AUSTIN (KXAN) — Travis County will ask the Attorney General’s office whether it can withhold communication about a police transparency bill that the county registered in opposition to in 2019.

In response to a KXAN public information request regarding county communication about House Bill 147, which aimed to close the so-called dead suspect loophole, a county attorney said he will request guidance from the Attorney General as to whether the information has to be released under public records law.

The dead suspect loophole is an exemption in Texas public records law that allows law enforcement agencies to withhold information about a suspect if that suspect died in police custody. It was the subject of a KXAN investigative series in 2019.

A witness list from the State Affairs Committee of the Texas House of Representatives shows Julie Wheeler, on behalf of the Travis County Commissioners Court, registered against the police transparency bill. No other county registered for or against the bill. The measure eventually made it through the House as an amendment to another bill but was later stripped before final passage.

The hearing took place a month before the death of Javier Ambler who, after a 22-minute pursuit, died in the custody of Williamson County Sheriff’s Office deputies in Austin. Details about Ambler’s death remained secret for 15 months until the Austin Police Department released body camera footage from the incident as part of its investigation into the deadly use of force by the Williamson County Sheriff’s Office.

Former Travis County Judge Sarah Eckhardt, now a Democratic candidate in the Senate District 14 special election, led the Travis County Commissioners Court at the time House Bill 147 was being considered but is unsure who within the Travis County government flagged the bill for opposition.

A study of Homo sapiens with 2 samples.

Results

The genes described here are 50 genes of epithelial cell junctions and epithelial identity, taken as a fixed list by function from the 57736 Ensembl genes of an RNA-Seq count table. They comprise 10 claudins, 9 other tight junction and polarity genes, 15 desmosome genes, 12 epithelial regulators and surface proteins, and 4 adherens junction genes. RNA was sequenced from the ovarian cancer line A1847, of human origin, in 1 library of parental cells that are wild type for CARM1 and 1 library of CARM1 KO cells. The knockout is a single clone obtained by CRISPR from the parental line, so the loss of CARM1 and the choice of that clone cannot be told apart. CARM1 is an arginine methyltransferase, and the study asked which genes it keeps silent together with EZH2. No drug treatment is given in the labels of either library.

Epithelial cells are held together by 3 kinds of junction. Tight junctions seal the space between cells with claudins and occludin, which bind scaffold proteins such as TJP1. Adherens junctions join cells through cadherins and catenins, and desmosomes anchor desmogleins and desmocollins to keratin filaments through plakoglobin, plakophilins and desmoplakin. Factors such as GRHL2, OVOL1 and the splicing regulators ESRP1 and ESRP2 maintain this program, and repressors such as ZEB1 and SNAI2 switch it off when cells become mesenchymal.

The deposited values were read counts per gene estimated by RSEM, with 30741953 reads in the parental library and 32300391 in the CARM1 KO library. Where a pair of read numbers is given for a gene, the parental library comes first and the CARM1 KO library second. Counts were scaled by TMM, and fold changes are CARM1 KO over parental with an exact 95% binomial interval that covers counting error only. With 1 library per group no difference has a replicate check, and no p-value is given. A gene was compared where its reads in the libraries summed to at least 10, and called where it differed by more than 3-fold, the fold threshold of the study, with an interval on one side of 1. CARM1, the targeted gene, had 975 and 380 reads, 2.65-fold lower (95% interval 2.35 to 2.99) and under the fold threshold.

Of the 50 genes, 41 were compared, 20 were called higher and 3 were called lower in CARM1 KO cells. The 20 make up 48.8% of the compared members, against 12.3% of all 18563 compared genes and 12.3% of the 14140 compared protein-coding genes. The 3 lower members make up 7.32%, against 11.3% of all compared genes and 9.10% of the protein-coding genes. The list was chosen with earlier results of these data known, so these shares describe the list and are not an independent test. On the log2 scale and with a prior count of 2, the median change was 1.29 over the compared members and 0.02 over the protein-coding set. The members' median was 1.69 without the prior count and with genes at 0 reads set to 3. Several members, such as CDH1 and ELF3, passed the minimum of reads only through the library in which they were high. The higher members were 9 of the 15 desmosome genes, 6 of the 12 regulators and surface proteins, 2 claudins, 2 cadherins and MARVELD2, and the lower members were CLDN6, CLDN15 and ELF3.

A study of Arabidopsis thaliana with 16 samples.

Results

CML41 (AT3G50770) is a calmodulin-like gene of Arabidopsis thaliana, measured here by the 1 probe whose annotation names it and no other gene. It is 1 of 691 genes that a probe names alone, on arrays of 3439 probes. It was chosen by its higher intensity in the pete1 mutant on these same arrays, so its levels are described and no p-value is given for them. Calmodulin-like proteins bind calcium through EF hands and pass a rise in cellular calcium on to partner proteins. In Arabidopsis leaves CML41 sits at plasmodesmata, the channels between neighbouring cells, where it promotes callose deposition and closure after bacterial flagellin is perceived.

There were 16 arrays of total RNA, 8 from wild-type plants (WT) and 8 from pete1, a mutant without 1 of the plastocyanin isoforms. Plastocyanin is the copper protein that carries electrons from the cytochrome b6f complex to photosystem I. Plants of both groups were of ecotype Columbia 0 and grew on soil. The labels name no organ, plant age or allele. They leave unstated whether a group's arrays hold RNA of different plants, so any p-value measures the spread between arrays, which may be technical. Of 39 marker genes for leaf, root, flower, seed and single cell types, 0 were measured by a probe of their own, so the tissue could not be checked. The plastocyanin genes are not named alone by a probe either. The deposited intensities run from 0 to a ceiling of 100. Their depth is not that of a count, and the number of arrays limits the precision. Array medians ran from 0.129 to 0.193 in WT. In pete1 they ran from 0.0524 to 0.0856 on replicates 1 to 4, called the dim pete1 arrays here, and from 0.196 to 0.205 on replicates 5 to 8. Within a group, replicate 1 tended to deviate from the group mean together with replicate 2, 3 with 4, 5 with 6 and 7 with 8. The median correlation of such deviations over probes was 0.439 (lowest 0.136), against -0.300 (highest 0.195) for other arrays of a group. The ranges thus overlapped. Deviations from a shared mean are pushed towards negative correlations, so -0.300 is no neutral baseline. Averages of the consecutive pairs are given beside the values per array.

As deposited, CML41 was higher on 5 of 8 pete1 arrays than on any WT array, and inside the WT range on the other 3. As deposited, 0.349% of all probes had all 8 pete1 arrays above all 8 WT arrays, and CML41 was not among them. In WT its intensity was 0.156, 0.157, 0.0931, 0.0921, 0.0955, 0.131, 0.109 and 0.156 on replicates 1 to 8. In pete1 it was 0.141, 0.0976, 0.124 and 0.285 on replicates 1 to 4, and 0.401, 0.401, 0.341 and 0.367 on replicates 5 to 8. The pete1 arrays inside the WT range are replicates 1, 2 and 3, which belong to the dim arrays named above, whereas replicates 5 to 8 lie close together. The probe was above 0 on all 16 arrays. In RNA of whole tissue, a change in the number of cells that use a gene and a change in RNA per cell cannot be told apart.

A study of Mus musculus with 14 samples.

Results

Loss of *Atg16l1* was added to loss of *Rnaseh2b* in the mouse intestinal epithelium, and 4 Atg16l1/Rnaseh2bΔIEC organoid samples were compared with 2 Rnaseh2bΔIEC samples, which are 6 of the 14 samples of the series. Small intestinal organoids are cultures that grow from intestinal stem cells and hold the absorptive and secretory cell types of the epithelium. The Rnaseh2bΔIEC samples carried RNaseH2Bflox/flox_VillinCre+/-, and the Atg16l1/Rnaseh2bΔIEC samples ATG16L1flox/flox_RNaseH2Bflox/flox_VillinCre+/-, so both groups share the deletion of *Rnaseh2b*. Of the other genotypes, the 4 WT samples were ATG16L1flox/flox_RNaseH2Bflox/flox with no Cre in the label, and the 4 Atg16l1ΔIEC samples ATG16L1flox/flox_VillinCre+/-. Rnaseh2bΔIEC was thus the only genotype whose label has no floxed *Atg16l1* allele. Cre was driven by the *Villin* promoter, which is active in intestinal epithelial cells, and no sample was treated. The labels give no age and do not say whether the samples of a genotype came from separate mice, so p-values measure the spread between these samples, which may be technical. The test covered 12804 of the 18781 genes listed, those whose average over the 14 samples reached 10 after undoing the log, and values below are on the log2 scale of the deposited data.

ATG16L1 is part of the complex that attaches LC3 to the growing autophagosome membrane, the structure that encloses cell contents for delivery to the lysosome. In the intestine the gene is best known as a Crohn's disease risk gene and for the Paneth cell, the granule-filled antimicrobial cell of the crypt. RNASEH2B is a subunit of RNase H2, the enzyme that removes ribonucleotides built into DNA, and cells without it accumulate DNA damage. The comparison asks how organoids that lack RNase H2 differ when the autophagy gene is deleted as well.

Eckhardt said elected officials in Travis County have the ability to flag or monitor bills during the legislative session. There should be evidence of who opposed the bill, she said, but she was unaware whether the bill was ever presented to the Travis County Commissioners Court.

“I will tell you, honestly, I don’t know firsthand how or even whether Travis County did drop a card in opposition,” Eckhardt said.

During a Democratic candidate forum last week, Eckhardt was asked by state Rep. Eddie Rodriguez (D-Austin), who is also running in the Senate District 14 special election, why Travis County was the only county to oppose House Bill 147.

“Why my county, Travis County, was the only county in the state of Texas to be opposed to this bill baffles me, I still do not understand it,” Rodriguez said in an interview with KXAN.

Eckhardt said it is reasonable from someone, like the Travis County attorney or district attorney, to want some exemptions to the public records law to be in place.

“Yeah, we should definitely make that information available to the family unless we’re still under investigation and there’s someone else’s privacy right or some on-going criminal investigation that would be implicated,” Eckhardt said.

State Rep. Joe Moody (D-El Paso), who authored House Bill 147, said the bill didn’t have any impact on active investigations. Instead, the bill would have removed the government as the gatekeeper of public information after a case concluded.

Moody said the closure of the dead suspect loophole would prevent stories, like the death of Javier Ambler, from being forgotten.

“If this exemption, this loophole, wasn’t being exploited, this bill wouldn’t need to be here,” Moody said. “People would be doing the right thing, but they’re not.”

The Senate District 14 special election is being held on Tuesday, July 14 to replace retired state Sen. Kirk Watson. Eckhardt and Rodriguez are running as Democrats, while the field also includes Republicans Don Zimmerman and Waller Thomas Burns II, Libertarian Pat Dixon, and Dr. Jeff Ridgway, who is running as an independent candidate.